With just twelve short days until the pinnacle of the cinematic calendar, the 90th Academy Awards, all of this year’s most celebrated motion pictures are coming thick and fast though the screens of British movie theatres. With a remarkable thirteen Oscar nominations to its name, Guillermo Del Toro’s latest offering, The Shape Of Water, arrived with much hype and anticipation, with those in the know slating the Best Picture award to be a two horse race between it and Martin McDonagh’s Three Billboards Outside Ebbing, Missouri. Anyone who read my review of Three Billboards will know that my reaction to the critical darling wasn’t as positive as the general consensus, would The Shape Of Water follow suit, or would it blow me away like a true Best Picture contender should do?
I’m ecstatic to report that, yes, it did indeed, blow me away. Set in 1960’s Baltimore, The Shape Of Water tells the story of Elisa Esposito (Sally Hawkins), a mute government facility janitor who embarks on a fantastical relationship with a mystical merman type creature (played by Doug Jones) who connects with her on a deep and profound level. Despite its decidedly ‘out there’ premise, the stunning genius of The Shape Of Water is that it feels like classic, beautiful, enchanting old fashioned cinema. At its most basic level, it is a love story that is brought to life through exquisite cinematography and perfect mise en scene. Every single frame is rich and luscious, a work of art in its own right, no surprise given the film’s visionary director.
There is a fairytale like quality to the central romance of the plot that evokes nostalgic memories of works like Beauty And The Beast, with a thrilling and emotive escape and rescue narrative akin to something like E.T.. What takes The Shape Of Water to a whole other level, though, is the unexpected and remarkably visceral level of violence that remains a constant throughout. Not only does the picture contain some very affecting gore, it also doesn’t shy away from more mature elements like sex, nudity and strong language. The beautiful, unique, enchanting aesthetic combined with the unexpectedly dark and at times down right horrific plot points make for something truly special and unique.
From the sweeping score to the little odes to classic Hollywood to the more overt fairytale nature of the love between a woman and a mystical creature, the film is filled with touches of magic dust that a sprinkled across the narrative. Even when it is at its most dramatic and science-fiction based, there is a level of the fantastical that helps to maintain an air of delightful whimsy, even in the face of extreme violence or extreme irregularity. You might not think that an inter species love story set around the high suspicion era of the Cold War is something that you could become deeply invested in, but you would be wrong! The beauty of the picture combined with the masterful work both on and off the screen make The Shape Of Water one of the most unexpected yet effective romantic dramas of the year, perhaps even the decade. In a time where movies tend to have to stick to a certain type of grit and realism to achieve Oscar success, it is wonderful to see something so surreal, so fantastical, so filled with escapism.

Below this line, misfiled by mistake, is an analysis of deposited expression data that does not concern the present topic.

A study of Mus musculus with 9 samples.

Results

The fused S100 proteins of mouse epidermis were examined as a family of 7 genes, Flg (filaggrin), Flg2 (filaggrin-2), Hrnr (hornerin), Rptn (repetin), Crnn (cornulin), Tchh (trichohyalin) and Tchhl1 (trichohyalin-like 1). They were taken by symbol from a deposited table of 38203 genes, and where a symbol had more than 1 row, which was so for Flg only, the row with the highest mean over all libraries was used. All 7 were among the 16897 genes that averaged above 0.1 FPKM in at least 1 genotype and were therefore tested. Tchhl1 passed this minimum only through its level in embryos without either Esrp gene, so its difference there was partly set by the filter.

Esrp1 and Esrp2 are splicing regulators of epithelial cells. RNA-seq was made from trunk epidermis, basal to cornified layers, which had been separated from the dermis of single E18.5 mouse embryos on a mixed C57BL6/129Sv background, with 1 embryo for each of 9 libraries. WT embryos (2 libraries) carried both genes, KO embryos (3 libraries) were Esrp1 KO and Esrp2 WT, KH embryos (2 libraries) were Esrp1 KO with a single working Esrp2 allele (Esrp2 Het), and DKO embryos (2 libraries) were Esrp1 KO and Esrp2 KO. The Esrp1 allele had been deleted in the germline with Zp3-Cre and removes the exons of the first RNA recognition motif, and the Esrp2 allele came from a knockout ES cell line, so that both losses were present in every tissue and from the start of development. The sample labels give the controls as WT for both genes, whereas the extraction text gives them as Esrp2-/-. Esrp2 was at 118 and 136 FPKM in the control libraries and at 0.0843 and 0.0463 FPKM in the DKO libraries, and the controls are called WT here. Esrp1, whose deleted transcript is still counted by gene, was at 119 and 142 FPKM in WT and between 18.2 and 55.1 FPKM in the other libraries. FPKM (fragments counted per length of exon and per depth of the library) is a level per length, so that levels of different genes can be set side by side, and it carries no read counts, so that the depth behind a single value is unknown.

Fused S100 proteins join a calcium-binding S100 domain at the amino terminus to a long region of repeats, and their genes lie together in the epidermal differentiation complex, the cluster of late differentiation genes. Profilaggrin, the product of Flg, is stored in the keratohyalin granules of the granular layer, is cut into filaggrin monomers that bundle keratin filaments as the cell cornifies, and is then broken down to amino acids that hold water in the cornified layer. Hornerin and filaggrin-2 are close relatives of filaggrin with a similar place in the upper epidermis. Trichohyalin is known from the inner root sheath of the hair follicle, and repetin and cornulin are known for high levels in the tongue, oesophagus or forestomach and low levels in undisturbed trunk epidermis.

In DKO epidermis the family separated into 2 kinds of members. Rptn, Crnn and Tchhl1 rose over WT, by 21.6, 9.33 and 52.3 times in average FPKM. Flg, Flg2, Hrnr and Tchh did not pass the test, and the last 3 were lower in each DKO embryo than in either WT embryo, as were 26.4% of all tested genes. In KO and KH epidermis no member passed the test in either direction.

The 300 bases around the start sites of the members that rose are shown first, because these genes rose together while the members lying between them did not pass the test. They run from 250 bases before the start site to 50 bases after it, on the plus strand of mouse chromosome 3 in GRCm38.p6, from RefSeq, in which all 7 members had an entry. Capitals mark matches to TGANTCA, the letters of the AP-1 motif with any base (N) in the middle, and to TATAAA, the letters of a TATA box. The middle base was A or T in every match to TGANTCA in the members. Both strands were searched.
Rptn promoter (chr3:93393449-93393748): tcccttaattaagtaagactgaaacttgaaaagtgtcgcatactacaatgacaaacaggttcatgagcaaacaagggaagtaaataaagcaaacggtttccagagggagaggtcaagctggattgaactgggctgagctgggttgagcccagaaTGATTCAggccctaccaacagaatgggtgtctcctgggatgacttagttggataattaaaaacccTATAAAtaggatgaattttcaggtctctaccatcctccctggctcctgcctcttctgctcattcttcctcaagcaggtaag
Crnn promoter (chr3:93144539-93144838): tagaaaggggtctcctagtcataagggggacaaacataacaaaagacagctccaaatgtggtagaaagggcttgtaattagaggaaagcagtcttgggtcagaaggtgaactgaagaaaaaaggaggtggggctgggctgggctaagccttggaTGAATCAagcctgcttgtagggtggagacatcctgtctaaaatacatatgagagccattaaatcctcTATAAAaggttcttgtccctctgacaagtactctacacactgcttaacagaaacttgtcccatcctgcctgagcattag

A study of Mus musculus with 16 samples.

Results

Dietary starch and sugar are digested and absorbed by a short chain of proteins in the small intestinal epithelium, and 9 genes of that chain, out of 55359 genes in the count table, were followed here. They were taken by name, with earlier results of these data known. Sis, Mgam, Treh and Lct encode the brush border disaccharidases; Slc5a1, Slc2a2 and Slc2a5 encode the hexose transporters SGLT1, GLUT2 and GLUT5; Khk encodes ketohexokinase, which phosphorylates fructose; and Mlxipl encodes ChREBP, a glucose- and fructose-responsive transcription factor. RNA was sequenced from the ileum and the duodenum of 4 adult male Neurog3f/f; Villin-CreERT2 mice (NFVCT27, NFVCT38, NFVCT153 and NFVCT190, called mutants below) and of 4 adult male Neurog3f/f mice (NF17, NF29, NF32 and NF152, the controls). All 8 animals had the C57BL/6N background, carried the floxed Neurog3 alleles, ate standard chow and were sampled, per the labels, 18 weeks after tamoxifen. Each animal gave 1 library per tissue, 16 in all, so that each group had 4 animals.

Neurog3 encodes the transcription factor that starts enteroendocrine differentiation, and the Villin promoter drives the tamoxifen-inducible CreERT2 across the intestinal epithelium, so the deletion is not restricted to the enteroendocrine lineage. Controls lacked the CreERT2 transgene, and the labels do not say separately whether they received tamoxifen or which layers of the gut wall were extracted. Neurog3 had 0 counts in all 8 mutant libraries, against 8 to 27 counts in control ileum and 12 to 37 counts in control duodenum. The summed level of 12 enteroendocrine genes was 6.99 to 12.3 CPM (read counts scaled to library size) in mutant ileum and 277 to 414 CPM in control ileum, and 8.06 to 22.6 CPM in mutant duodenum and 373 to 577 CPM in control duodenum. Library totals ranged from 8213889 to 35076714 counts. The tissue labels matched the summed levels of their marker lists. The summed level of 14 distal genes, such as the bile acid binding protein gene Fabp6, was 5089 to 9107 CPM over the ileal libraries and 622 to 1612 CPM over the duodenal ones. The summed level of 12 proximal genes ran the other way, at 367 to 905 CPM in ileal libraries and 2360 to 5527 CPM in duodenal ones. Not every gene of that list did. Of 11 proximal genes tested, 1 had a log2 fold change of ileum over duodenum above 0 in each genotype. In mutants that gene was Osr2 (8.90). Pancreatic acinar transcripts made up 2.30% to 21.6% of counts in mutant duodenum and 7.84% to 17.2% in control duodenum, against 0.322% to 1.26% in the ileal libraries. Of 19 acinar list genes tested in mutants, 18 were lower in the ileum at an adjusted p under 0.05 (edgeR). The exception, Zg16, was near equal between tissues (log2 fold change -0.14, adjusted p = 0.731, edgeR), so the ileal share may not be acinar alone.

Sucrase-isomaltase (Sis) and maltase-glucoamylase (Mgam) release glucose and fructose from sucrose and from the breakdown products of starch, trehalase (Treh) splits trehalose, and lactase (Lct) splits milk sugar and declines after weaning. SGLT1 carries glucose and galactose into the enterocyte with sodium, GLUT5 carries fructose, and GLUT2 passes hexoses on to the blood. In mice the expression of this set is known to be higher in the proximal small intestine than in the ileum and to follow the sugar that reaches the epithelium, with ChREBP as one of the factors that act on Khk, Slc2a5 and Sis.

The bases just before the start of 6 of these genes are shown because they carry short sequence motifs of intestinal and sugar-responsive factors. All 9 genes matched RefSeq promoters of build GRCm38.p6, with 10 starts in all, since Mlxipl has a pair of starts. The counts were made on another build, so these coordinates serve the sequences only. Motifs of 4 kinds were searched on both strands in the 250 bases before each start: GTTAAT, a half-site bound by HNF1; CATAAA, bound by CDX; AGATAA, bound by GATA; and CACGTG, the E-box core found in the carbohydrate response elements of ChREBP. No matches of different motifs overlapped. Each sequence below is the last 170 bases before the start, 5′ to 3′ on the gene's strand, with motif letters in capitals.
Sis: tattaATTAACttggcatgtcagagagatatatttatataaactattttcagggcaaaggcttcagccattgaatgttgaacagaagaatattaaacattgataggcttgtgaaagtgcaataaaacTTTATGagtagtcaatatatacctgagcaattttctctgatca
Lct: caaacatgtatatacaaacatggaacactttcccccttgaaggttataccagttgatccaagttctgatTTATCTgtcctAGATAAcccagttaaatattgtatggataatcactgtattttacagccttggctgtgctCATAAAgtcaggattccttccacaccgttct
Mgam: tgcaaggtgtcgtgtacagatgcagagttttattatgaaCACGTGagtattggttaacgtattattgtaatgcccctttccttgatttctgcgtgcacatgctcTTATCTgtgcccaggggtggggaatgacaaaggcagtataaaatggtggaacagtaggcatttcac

The film is lead by a captivating, silent performance by the incredible Sally Hawkins. To carry a film in the palm of your hand without the power of speech to rely on is a remarkable thing, and Hawkins, though diminutive in stature, succeeds in being the biggest on screen presence even in the company of a literal sea monster. I find it really interesting that Hawkins and Frances McDormand are the two front runners for this year’s Best Actress prize. Whilst McDormand harnesses all the power of her speech in a crackling, abrasive Three Billboards screenplay, Hawkins provides a masterclass in physicality and micro expression that arguably scream louder than any line of dialogue could.
Octavia Spencer as Elisa’s cleaning colleague Zelda gives an entertaining and endearing performance as something of an audience surrogate, sharp witted and dedicated to helping in the scheme despite not fully understanding the extent of danger that is unfolding. Richard Jenkins as Giles, Elisa’s close friend and neighbour, has a small scale but incredibly important and poignant role to play. An ageing gay man dealing with his own contemporary troubles, he stands out as an interesting comparison with the unnamed creature. Both males in Elisa’s life who share special and profound relationships with her.
If I were to level any kind of criticism at the film, it would be in the characterisation of the key antagonist, Colonel Richard Strickland, played by Michael Shannon. Whilst Shannon is requisitely menacing and evil, there isn’t quite enough beyond the surface of the character to give any reason for him being so. A cardboard cutout villain isn’t something that usually irritates me enough to point out, but amidst the brilliant nuance of the rest of the picture, it did stand out.
Overall, The Shape Of Water is a stunning film that defies all logic to be one of the most enjoyable, endearing and original cinematic experiences of the year. It feels like many of the fantastical, adventure filled films from your childhood (Free Willy mixed with Edward Scissorhands being an uncomfortable but valid comparison!), but possesses an air of such expert craft and maturity that a premise so susceptible to being silly, instead feels effortlessly, captivatingly serious and dramatic. Magical, mysterious, elegant, exquisite.